TAMPA — If anyone knows appearances can be deceiving, it is Anthony Nelson.
That may be why the Bucs outside linebacker holds the rare distinction of never having fallen for one of the oldest plays in football.
“He’s the only player that I’ve seen coming out of college and watching his tape in college and as a pro that’s never fell for a bootleg, and that says a lot about the guy,” Bucs coach Todd Bowles said. “He has great vision, great intelligence. He doesn’t look muscular and everything, but he’s very strong.”
Subterfuge may not be successful against Nelson, but it certainly works for him. At 6-foot-7, 271 pounds, the former Iowa star looks more like a basketball player than a guy who chases NFL quarterbacks for a living.
But don’t let him fool you.
After an injury-plagued rookie season as a fourth-round pick in 2019, Nelson was used primarily on special teams during the Bucs’ run to the Super Bowl 55 championship. But with outside linebacker Jason Pierre-Paul limited by a torn rotator cuff last season, Nelson recorded five sacks over his final eight games, including one in each of the last three.
“It was a lot of things,” Nelson said of his improvement. “Obviously, we’ve got a great defense. We were holding up on the back end and that kind of stuff. It’s just doing the little things every day, getting better every day. I owe a lot of the guys I was in the room with.
“(Co-defensive coordinator and then-outside linebackers) Coach (Larry) Foote during those years. (Outside linebacker) Shaq (Barrett) and all those guys that were helping me and teaching me, mentoring me. It’s one of those things where you get one percent better every day, and a couple years later you’re a lot better because you worked.”
If there’s a player Nelson can take inspiration from, it’s Barrett. He spent his first four seasons in Denver playing behind elite pass rushers such as Von Miller, DeMarcus Ware and Bradley Chubb. He produced 14 sacks during that time but received only a couple of free-agent offers — one from the Bengals and the other from the Bucs.
Barrett signed a one-year, $4 million contract with Tampa Bay in 2019 and cemented himself as arguably the biggest bargain in club history. Playing opposite Pierre-Paul, he led the NFL with 19-1/2 sacks and had 37 quarterback hits.
That earned him the $15.8 million franchise tag in 2020, and then he signed a four-year, $68 million deal before the start of 2021.
Nelson’s strength and long arms are his biggest assets, but he’s also added an array of pass-rush moves and counter moves.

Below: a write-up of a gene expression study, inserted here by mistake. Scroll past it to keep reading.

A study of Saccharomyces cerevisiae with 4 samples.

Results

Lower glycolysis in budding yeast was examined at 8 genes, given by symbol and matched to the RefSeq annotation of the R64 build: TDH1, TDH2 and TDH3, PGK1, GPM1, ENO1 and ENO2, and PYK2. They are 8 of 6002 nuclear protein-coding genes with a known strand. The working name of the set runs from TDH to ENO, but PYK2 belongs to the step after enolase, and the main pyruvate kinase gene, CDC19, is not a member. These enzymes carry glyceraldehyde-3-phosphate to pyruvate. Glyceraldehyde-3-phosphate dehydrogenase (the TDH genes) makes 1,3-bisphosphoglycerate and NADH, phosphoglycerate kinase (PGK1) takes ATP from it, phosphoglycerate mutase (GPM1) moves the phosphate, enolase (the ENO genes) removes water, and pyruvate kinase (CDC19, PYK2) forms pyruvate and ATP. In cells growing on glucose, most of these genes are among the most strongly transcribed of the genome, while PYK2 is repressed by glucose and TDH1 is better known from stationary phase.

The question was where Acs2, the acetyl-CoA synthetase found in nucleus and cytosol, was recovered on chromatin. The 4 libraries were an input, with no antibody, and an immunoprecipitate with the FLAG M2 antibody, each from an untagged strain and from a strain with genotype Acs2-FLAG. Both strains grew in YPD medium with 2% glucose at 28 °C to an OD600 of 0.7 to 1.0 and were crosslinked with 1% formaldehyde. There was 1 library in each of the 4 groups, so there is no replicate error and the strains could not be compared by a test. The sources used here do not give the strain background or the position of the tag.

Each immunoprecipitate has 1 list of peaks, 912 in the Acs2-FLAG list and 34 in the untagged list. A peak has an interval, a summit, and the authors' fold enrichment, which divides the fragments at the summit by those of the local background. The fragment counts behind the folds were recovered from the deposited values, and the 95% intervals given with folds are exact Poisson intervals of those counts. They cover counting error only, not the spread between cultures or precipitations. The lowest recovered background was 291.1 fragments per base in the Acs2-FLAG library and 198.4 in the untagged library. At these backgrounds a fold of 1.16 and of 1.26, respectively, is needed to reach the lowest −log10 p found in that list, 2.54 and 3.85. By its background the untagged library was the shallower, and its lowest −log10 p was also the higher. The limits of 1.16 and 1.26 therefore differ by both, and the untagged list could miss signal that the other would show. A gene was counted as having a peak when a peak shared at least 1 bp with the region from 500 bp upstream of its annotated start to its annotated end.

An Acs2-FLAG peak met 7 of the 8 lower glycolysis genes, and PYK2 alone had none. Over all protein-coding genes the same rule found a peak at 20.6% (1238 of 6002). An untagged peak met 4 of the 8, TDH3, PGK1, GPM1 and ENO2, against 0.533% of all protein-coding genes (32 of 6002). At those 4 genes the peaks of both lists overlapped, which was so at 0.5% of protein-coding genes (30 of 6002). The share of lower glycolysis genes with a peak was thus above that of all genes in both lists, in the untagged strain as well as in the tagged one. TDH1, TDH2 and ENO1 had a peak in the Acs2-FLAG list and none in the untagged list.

Pierre-Paul was not re-signed in the offseason, and second-year pro Joe Tryon-Shoyinka will take his starting role opposite Barrett. But Nelson and Cam Gill, who suffered a Lisfranc injury during Saturday’s preseason loss to Miami, will be a big part of the rotation.
“Everybody in our room is ready to step up, take on a little more, do more for this defense,” Nelson said. “We want to be the most dominant room in the whole defense, so we all got to do a little more. ... I’m excited to see what Joe and Shaq and me and Cam and all the young guys can do. We’re going to have a good group.”
Helping the outside pass rush will be defensive tackles Vita Vea and Akiem Hicks, who combine for more than 675 pounds of push in the middle of the defense. What does that do for outside pass rushers such as Nelson?
“What don’t they do for us? They pack our lunch and pick out clothes and all that stuff. I mean, everything,” Nelson said. “They close down the middle. It’s important for us to set an edge, because we know they’ve got it on lockdown in the middle. They’re pushing the pocket, and they’re eating up everything in the run. They make playing outside linebacker in this defense really fun, and I’m excited to see what they’ve got this year.”
Because of his height, Nelson has a reach advantage that helps him get off blocks. But the low man wins at the line of scrimmage, and he constantly works on how he fires off the football.
“That’s a challenge,” Nelson said. “You’ve got good things and bad things. The length really helps, but I’ve got to be extra careful with my pad level coming inside. It’s a double-edged sword, and it makes it fun. There’s things I’ve picked up from Shaq. He uses such great leverage, so if I’m able to apply those things to me, I’ve got longer arms, I should be successful. It’s a race to the quarterback, and I’m using what I’ve got.”
Now, it’s Nelson who is fooling opponents with his technique and his tenacity.
“That’s a lot of time at Iowa, man,” he said. “It’s a pro-style offense where they hand it off or bootleg, so I got a lot of practice.”